Tuesday, May 20, 2008

A Look at San Diego Average Home Prices 5/20/2008

Housing prices, pre-, in-, and post-bubble continue to be a hot topic. Rather than debate what prices “should” be, let’s observe what they are, how that relates to prior years, and if there are any reasonable expectations we might have for the near future. All price data comes from Sandicor’s monthly reports.

Figure 1a. San Diego County Average Priced Home

The timeline view in Figure 1a shows that average home price based on sales that closed in the given month. Figure 1b shows the same data in a year-over-year format. The price run-up really jumps out.

Figure 1b. San Diego County Average Priced Home – Year over Year

While that gives us status, where do today’s prices fit in with reasonable expectations of an increase in home prices over time? In the following figures, the average home price in January of each year is extrapolated at given growth rate. Figure 2a uses 8%. Figure 2b uses 5%.

Figure 2a. Housing Price Extrapolation at 8%

Depending on whom you listen to, home prices increase by 4-7% per year. In Figure 2a, we see that an 8% growth rate (compounded monthly), lines up fairly well for 2000, 2001, 2002, and 2008. If an 8% rate is appropriate for a major city, with perhaps the best weather in the country, that is limited by the ocean to the west, Camp Pendleton to the north, Mexico to the south, and the desert to the east, then today’s prices are about right where they should be.

Figure 2b. Housing Price Extrapolation at 5%

If however, you want to use a 5% growth rate, then today’s prices line up with the beginning of 2003, clearly in bubble territory. Coincidentally, 2007 prices line up with 2004 prices. In both figures 1b and 2b, we can see the jump in prices that occurred in 2002. If this view were correct, then the average San Diego home price is still too high by about $90K.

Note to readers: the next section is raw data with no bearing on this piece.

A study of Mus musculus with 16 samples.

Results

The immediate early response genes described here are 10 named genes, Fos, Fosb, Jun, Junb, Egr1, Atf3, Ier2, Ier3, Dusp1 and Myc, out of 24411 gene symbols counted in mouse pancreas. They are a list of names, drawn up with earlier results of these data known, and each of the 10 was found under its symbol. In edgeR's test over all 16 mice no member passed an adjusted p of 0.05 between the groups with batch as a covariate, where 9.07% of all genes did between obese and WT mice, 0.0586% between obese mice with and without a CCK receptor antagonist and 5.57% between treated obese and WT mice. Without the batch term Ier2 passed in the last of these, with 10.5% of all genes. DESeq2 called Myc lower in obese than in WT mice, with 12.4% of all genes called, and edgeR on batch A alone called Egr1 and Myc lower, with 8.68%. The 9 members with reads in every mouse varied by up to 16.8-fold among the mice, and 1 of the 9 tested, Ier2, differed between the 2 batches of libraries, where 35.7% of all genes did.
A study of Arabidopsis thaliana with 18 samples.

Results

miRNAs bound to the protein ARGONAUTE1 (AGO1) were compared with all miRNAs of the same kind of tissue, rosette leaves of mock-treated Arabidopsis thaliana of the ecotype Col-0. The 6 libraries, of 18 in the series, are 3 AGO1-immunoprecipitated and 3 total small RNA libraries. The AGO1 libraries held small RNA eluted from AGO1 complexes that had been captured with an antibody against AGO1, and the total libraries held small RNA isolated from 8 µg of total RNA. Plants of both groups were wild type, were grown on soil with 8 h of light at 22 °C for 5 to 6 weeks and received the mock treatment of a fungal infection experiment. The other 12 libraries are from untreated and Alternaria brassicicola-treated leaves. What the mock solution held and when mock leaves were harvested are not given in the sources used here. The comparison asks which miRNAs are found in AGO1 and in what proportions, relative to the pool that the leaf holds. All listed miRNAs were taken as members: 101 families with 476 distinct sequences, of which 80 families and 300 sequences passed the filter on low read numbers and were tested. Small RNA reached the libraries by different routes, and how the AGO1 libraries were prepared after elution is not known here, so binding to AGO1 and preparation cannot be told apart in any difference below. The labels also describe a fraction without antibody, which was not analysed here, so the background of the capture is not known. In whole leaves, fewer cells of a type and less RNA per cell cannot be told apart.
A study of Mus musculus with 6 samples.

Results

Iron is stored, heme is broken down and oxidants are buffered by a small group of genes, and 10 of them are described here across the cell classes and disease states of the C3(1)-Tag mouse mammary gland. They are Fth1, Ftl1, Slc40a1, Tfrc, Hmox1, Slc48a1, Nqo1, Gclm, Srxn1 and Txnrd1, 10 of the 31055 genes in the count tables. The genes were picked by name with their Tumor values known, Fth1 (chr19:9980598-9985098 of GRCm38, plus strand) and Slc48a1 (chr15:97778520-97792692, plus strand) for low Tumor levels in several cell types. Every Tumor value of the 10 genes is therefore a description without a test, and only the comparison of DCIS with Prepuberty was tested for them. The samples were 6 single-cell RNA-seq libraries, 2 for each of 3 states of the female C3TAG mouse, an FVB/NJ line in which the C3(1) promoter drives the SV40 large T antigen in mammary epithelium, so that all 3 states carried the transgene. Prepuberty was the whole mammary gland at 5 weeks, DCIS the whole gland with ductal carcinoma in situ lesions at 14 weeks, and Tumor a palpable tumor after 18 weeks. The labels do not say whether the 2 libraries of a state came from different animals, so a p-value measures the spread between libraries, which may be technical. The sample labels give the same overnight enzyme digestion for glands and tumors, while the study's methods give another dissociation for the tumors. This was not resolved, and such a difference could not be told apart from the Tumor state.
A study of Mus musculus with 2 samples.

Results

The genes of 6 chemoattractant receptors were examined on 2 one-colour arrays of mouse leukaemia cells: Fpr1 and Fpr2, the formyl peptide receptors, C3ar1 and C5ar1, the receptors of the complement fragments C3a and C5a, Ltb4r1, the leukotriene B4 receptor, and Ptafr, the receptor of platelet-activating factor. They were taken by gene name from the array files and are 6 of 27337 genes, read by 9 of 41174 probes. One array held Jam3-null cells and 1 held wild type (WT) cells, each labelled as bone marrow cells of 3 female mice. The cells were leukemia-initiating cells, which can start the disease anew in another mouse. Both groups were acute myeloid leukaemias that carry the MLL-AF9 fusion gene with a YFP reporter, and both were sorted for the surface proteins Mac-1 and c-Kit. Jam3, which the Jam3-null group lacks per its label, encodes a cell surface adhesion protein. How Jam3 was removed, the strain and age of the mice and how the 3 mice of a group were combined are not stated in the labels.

Admittedly none of this discussion considers the economics of supply and demand as imposed by lower interest rates and a credit crunch, by growth in bio-tech and tourism or a decline in construction and all related industries. Nor do we consider the many other variables that affect our markets.

Where will or should our prices be tomorrow? An 8% growth rate does not offend me, for which I would argue that prices should be up. However, the real estate cycle will naturally drive prices below where they should be until the masses recognize the great deals and take us back to the era of multiple-offers and rapidly escalating prices (thus repeating the cycle). Given that, I expect prices to slide a bit further, but there are already some great buys out there. We are seeing some prices less than 45-50% of their highs.